West Indies collapse in England Test
May 19 2012 - 16:46:54
West Indies were left facing an uphill struggle in the first Test against England at Lord's on Saturday after a dramatic top-order collapse saw the tourists lose three wickets for no runs.
The West Indies were 36 for three in their second innings at tea on the third day, still 119 runs behind England's first innings 398.
Their familiar flurry of early wickets again left Shivnarine Chanderpaul, officially the world's best batsman, having to contemplate another salvage operation when he came in at No 5.
The tourists had survived a couple of scares in seeing openers Adrian Barath and Kieran Powell put on 36.
But in sight of getting through a tricky pre-tea session wicketless, Barath was undone by first change Tim Bresnan's fifth ball, an excellent leg-cutter he could only edge through to wicket-keeper Matt Prior on 24.
Powell was far more culpable in his exit for eight, languidly top-edging a pull off Stuart Broad to Ian Bell, running round from deep square leg.
And worse followed when Kirk Edwards was run out for nought.
Darren Bravo nudged the ball in front of square but turned down a single with Edwards already half-way down the pitch and England debutant Jonathan Bairstow threw down the stumps at the bowler's end from cover-point.
West Indies had lost three wickets for no runs in nine balls, with Bravo nought not out at tea.
Earlier, an improved West Indies bowling display saw four England wickets fall in Saturday's first session after the hosts resumed on 259 for three.
But a ninth-wicket partnership of 55 in 47 balls after lunch between Bell and Graeme Swann took the match away from the West Indies, who ended up being 155 behind on first innings.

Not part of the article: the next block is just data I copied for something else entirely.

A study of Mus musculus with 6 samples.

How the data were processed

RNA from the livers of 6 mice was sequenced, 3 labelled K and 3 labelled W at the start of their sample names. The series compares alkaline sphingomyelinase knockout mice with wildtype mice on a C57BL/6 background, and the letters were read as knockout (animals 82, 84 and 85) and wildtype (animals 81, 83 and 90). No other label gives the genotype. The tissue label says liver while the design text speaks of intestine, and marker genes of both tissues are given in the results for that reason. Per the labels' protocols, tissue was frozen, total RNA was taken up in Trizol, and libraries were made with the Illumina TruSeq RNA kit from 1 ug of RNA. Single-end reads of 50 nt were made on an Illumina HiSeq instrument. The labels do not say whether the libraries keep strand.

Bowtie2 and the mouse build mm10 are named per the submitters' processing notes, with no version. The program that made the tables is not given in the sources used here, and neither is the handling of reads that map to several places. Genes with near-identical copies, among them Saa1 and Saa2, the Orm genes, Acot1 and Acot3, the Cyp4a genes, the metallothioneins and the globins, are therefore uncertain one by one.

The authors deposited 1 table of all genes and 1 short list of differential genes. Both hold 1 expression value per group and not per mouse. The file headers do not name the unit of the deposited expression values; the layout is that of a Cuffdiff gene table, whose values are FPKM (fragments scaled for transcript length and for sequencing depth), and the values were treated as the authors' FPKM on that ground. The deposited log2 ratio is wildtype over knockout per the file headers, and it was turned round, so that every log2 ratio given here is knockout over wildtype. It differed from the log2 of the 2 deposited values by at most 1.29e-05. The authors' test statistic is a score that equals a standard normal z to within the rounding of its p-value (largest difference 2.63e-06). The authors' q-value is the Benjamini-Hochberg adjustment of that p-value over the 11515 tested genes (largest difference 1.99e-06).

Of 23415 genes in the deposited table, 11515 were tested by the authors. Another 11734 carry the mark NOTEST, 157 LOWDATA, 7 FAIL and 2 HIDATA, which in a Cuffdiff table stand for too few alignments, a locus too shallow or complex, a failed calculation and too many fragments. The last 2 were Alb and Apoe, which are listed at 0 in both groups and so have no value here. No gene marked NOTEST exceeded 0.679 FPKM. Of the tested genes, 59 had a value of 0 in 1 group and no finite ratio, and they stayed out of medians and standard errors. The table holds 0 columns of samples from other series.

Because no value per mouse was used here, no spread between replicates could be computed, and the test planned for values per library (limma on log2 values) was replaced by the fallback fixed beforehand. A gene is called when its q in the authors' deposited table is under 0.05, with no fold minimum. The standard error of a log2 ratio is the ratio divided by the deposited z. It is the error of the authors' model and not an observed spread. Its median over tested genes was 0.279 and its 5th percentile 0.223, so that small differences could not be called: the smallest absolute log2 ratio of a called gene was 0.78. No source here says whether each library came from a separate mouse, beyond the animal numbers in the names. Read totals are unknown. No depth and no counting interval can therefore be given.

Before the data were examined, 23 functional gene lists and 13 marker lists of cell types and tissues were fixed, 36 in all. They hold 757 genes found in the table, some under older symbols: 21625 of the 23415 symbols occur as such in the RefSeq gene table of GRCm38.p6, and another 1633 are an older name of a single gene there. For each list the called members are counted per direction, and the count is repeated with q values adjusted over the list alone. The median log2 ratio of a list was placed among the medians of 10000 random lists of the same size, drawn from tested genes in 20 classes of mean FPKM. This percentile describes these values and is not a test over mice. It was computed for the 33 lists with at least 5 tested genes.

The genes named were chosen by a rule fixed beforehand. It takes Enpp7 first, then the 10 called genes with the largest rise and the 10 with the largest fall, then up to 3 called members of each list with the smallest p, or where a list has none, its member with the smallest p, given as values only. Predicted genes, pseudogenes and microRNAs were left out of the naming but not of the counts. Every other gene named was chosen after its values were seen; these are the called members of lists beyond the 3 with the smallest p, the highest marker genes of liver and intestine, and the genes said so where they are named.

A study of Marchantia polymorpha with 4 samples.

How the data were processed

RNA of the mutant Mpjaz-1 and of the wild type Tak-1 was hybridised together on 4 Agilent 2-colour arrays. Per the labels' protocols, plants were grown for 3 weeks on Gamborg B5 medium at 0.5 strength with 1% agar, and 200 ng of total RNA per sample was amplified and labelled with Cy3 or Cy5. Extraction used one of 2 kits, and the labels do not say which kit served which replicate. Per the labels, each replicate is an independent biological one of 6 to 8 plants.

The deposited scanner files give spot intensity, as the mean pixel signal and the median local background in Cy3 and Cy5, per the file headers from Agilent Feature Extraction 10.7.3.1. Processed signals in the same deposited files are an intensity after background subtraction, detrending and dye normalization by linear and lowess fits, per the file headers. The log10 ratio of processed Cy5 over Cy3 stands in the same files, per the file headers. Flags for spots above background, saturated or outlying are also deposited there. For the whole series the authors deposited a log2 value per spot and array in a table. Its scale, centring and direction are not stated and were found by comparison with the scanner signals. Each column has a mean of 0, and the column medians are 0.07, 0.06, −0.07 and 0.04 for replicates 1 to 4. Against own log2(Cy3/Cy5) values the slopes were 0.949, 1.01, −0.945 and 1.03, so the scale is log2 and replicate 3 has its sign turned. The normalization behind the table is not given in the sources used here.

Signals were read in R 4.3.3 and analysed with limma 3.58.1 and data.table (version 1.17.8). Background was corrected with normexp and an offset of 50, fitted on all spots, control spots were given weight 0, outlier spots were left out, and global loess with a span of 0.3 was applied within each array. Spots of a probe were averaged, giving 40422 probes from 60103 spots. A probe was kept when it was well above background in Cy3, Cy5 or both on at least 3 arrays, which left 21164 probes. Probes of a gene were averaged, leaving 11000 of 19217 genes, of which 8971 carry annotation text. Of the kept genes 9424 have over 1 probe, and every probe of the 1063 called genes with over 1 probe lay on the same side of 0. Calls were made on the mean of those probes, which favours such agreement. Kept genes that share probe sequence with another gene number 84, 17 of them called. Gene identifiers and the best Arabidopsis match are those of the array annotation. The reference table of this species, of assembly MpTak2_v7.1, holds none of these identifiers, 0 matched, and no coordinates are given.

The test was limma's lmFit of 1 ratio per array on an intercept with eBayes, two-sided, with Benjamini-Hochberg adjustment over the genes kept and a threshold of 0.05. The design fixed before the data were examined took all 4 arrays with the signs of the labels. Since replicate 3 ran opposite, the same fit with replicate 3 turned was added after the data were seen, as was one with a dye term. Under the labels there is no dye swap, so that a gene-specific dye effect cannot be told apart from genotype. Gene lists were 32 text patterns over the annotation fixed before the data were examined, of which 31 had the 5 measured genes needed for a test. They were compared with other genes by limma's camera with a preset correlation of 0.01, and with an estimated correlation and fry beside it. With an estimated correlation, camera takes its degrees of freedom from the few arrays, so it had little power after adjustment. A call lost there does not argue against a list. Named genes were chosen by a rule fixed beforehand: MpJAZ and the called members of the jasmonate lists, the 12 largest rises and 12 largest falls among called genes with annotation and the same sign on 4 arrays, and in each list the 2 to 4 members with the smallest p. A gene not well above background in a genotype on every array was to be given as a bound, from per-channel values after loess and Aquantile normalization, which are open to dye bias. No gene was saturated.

Nevertheless there were encouraging signs for the West Indies in the form of debutant fast bowler Shannon Gabriel, who took three wickets for 60 runs in 21.3 overs, with fellow paceman Kemar Roach returning figures of three for 108 in 25.
England captain Andrew Strauss started the day on 121 not out, having ended his 18-month wait for a Test century on Friday.
Although the West Indies had endured a tough first day, they were only two deliveries into the new ball.
And they had an early breakthrough when left-hander Strauss, who'd added just one to his total, inside-edged a rising delivery from Roach to wicket-keeper Denesh Ramdin.
South African umpire Marais Erasmus originally ruled in Strauss's favour, but West Indies captain Darren Sammy got the decision overturned on review to end an innings of more than six-and-a-half hours.
Bairstow then took his first ball in Test cricket, a lifting delivery from Roach, on the chest.
And Roach dismissed Bairstow, son of the late England wicket-keeper David, when he missed a sharp inswinger and was lbw for 16.
New batsman Prior became Gabriel's first Test wicket when the seamer bowled him for 19.
Swann, however, revived England's innings, with a brisk 30 featuring six fours before he was bowled by Gabriel.
Bell, five not out overnight, worked hard for his runs.
He was last man out for 61, made off 105 balls with just four boundaries, when he pulled Gabriel and Powell, running in, took a well-judged low catch.